Global automotive industry was severely impacted when the Covid-19 pandemic hit the world at the start of last year. The subsequent lockdowns affected production and supply chain of all small and major manufacturing units that had adverse impacts on automotive sales around the world. It took months for the industry to get back on its feet.
At the start of 2021, it was hit by another bump as the world faced a global shortage of semiconductor chips that again halted production of automobiles. It looks as if the slowdown in the automotive industry in the past year is not going to go away anytime soon as it hit another major roadblock.
Crisis Due To Winter Storm in Texas
Automakers, especially in the USA could soon face a shortage of foam used in car seats due to the winter storm that hit the southern state of Texas last month. The Arctic storm led to shutting down of major power stations across the state which is home to many oil refineries. Other than fuel, the oil industry is also responsible for other by-products as well that are key to automobile production.
One of the by-products of the oil industry is propylene oxide which is used to make polyurethane foam which automakers use in the seats of their cars or two-wheelers. Latest reports state that manufacturing plants in the US could run out of foam by March 8.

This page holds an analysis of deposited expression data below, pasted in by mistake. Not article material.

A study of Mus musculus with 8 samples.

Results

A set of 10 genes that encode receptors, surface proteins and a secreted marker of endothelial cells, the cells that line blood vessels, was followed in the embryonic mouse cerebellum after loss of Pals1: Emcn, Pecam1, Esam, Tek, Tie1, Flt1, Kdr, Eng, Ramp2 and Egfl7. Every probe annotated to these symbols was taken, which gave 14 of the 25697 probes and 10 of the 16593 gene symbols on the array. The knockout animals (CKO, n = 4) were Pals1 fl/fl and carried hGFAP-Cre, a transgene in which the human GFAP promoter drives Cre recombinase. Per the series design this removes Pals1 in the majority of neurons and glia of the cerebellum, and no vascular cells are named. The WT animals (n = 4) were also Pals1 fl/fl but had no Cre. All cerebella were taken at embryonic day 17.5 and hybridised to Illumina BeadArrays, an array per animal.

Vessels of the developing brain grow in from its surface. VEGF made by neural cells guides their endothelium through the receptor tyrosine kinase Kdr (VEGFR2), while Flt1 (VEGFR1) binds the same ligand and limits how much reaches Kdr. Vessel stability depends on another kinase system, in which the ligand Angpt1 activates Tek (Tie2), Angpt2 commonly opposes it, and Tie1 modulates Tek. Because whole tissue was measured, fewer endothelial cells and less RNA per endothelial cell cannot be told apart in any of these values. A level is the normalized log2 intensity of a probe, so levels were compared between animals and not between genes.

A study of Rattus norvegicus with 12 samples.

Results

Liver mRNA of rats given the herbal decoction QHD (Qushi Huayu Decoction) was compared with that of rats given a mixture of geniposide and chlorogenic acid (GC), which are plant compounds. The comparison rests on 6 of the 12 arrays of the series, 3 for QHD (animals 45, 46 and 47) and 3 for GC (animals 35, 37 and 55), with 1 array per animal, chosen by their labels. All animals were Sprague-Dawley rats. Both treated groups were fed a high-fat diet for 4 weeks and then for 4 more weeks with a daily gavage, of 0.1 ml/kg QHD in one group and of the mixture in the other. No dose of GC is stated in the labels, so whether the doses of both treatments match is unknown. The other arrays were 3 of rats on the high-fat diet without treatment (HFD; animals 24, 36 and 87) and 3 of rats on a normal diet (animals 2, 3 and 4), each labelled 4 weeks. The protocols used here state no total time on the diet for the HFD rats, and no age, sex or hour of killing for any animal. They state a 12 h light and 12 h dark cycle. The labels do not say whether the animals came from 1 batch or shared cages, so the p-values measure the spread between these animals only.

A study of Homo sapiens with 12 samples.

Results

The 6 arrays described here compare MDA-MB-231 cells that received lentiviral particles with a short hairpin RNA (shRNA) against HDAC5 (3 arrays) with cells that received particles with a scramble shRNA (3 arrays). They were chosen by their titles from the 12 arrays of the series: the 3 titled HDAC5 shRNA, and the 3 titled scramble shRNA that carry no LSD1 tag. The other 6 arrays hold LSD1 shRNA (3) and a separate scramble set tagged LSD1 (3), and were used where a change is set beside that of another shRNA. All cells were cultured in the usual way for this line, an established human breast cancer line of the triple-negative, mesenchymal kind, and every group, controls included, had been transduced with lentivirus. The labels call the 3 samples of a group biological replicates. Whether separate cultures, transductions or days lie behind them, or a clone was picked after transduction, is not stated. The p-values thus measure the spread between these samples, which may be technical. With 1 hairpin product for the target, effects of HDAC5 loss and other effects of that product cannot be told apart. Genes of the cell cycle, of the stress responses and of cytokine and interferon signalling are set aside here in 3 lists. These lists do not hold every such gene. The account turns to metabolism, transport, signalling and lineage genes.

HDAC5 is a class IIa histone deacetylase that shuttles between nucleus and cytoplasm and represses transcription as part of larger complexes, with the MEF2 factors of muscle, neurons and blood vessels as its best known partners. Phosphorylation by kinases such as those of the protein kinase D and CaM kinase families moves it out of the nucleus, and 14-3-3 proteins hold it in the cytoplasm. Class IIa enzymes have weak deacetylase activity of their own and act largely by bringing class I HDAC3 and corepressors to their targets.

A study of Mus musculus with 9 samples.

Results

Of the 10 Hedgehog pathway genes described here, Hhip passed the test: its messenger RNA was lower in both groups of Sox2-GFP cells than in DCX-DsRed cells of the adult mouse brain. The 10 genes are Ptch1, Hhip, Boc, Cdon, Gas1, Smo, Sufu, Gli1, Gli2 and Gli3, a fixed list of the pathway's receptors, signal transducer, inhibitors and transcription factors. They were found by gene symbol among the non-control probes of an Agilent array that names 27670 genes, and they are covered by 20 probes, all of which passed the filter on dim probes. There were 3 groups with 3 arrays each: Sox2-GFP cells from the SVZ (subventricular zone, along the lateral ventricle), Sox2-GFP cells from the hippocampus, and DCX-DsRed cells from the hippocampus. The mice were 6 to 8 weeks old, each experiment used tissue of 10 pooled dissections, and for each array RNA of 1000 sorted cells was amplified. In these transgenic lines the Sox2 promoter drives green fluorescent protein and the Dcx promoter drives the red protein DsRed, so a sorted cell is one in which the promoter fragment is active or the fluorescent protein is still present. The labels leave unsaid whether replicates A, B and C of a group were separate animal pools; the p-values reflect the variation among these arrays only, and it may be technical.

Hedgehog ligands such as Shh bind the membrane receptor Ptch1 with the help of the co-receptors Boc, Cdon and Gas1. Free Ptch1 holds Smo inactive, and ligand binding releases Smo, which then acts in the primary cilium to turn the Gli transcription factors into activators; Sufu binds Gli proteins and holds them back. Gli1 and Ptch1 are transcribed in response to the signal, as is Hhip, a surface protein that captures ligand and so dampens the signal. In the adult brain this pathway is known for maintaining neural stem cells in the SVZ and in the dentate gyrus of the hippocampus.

This has set off major concerns in the US auto industry which are reported to witness a production halt in the next few weeks due to a shortage of foam. While there are other foam manufacturers in the world, it is bound to create a wide gap between demand and supply.
Stance of Major Auto Companies
It is yet to be seen if this shortage of foam also hits the Indian market or not but a global shortage like this is not good news for any auto market around the world. Especially, since all countries are still facing constraints in supply chain management due to the Covid-19 pandemic. Apparently, automakers in the US are monitoring the current crisis as they watch closely what unfolds ahead.
Some companies like General Motors (GM), Toyota and Ford are not too concerned and have maintained that there is no immediate threat to production. On the other hand, Hyundai, Kia, BMW and Stellantis (a merger between Groupe PSA and FCA) said they are closely monitoring the situation.
However, the semiconductor chips crisis continues to rub salt on the wound as it has already disrupted GM's production with temporary shutdowns at multiple manufacturing plants. As per estimates, GM's global production could drop by more than 200,000 units in 2021.